The Reds seemingly had a win in the bag, leading the Pirates 9-0. But what started out as an easy win turned into a crushing, 13-12 loss. Photo Credit: Albert Cesare/The Enquirer/ USA TODAY NETWORK Cincinnati Reds center fielder TJ Friedl (29) looks on in the first inning of the MLB baseball game between the Cincinnati Reds and the Pittsburgh Pirates at Great American Ball Park in Cincinnati on Saturday, Sept. 23, 2023.

Saturday night’s game against the Pittsburgh Pirates started out looking like a dream for the Cincinnati Reds and their fans. It ended looking like a dream of a completely different kind, a complete nightmare.

While the Reds are in a precarious position, they are still alive in the race for a playoff spot. Cincinnati will need help over the season’s final days to reach the playoffs but most importantly, the Reds need to win. So, when Cincinnati jumped out to a 9-0 lead after three innings, it appeared as though the Reds would at least hold up their end of the bargain. Appearances can be deceiving.

The Pirates chipped away at the deficit, scoring once in the fourth inning and five times in the sixth, trimming the deficit to 9-6. Then, after Pittsburgh then loaded the bases with nobody out in the seventh inning, Pirates first baseman Alfonso Rivas smacked a line drive into the right field corner. Jack Suwinski and Jared Triolo scored on the play and when Cincinnati’s Stuart Fairchild couldn’t stop the ball, Endy Rodríguez sprinted home with the tying run.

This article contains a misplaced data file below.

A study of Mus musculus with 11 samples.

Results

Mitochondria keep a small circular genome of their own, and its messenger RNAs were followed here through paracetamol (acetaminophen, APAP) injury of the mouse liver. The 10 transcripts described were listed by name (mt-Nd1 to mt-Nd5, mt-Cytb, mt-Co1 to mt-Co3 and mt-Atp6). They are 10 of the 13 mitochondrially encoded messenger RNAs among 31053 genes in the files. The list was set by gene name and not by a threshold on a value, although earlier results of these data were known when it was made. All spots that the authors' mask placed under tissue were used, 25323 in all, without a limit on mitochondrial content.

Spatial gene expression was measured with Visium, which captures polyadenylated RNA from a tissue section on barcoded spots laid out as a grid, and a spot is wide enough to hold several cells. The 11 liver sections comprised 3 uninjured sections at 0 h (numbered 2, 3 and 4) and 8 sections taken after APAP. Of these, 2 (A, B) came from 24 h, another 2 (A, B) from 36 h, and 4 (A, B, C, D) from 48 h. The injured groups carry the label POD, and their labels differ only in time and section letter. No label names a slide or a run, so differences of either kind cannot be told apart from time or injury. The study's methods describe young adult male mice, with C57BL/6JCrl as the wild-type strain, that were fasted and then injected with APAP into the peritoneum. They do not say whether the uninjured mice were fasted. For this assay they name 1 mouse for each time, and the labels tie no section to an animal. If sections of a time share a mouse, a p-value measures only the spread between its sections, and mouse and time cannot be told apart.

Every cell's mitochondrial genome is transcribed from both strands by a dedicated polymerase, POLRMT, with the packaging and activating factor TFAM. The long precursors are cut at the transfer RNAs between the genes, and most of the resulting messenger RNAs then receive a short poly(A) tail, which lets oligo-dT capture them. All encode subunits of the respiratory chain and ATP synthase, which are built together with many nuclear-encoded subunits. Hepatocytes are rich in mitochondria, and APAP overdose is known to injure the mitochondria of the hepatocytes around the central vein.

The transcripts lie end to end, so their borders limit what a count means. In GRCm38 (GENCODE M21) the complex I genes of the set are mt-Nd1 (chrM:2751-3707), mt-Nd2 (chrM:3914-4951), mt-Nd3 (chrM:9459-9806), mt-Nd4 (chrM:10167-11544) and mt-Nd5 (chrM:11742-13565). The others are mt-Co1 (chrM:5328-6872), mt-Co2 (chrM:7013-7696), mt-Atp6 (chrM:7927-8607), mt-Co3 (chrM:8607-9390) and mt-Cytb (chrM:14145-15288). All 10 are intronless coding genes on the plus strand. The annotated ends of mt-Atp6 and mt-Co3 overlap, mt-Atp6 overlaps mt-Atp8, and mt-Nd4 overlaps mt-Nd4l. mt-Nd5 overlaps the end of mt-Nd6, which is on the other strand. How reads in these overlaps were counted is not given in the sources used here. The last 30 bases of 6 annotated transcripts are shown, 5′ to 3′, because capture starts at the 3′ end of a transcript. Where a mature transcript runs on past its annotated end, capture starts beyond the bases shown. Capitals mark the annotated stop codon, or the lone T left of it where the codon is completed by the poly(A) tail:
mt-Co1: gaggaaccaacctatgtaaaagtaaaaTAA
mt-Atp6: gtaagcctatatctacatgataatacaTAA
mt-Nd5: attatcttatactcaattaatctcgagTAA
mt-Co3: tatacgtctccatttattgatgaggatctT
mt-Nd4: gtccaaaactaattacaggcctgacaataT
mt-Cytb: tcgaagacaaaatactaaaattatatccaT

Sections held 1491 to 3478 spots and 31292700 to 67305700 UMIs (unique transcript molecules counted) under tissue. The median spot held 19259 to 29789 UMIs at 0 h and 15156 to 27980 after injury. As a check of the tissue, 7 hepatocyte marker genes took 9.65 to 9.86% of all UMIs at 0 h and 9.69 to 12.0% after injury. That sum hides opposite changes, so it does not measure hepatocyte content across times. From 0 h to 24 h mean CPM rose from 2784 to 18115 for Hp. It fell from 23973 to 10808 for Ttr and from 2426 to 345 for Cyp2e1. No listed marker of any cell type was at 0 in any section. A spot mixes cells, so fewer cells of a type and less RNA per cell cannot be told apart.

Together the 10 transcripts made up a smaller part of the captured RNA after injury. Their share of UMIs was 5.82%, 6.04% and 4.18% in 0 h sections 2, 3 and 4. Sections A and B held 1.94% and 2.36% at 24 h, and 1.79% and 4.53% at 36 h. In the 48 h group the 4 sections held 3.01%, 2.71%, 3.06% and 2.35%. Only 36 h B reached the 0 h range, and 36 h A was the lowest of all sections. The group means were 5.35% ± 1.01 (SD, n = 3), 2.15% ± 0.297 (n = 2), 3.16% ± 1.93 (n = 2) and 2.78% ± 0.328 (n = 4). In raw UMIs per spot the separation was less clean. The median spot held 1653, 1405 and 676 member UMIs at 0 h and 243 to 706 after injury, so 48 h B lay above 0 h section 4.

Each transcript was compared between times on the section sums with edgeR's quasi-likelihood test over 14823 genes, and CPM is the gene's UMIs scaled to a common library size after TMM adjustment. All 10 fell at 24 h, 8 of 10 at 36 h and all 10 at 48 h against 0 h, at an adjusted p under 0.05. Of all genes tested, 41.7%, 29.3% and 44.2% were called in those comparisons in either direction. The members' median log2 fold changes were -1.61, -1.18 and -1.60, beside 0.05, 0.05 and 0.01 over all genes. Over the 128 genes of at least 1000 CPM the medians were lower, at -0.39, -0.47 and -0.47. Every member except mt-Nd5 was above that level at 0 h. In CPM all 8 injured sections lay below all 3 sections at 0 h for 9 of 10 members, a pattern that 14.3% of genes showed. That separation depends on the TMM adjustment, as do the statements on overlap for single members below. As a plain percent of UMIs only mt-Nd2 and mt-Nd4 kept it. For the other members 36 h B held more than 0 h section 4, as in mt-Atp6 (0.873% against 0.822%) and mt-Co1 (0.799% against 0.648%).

As unmistakable (and understandable) as the frustration from the fans at the Great American Ballpark was then, it only got worse.

Suwinski and Rivas both delivered RBI hits in the top of the eighth inning to put the Pirates ahead 11-9. Ji-hwan Bae then drove in two more runs with a double to give Pittsburgh a 13-9 lead.

If the Pirates had gone on to win 13-9, it would have been a frustrating, inexcusable loss for the Reds. Somehow, though, it only got worse.

Cincinnati scored a pair of runs in the bottom of the eighth inning, cutting the deficit to 13-11. Then, Joey Votto singled and TJ Friedl doubled to start the bottom of the ninth inning, giving the Reds the tying run on second base with nobody out. Jake Fraley made an out, but a highly productive one, as his groundout scored Votto and moved Friedl over to third. That brought Elly De La Cruz to the plate, needing only a fly ball to the outfield to tie the game. It never happened.

De La Cruz got into a fierce battle against Pittsburgh closer, Carmen Mlodzinski, working a 3-2 count and then fouling four pitches off. But on the 11th pitch of the at-bat, De La Cruz swung through an inside sweeper from Mlodzinski, striking out and leaving it up to Jonathan India. India fell behind 1-2, then on the fourth pitch of the at-bat, hit a flyball to center field. Suwinski made the easy putout, giving the Pirates a 13-12 win.

There are two sides to every game like this. The Pirates, who are effectively out of the playoff race but taking their role as spoilers to heart, were understandably elated.

But for the Reds, this was a brutal loss. And there was no sugarcoating it.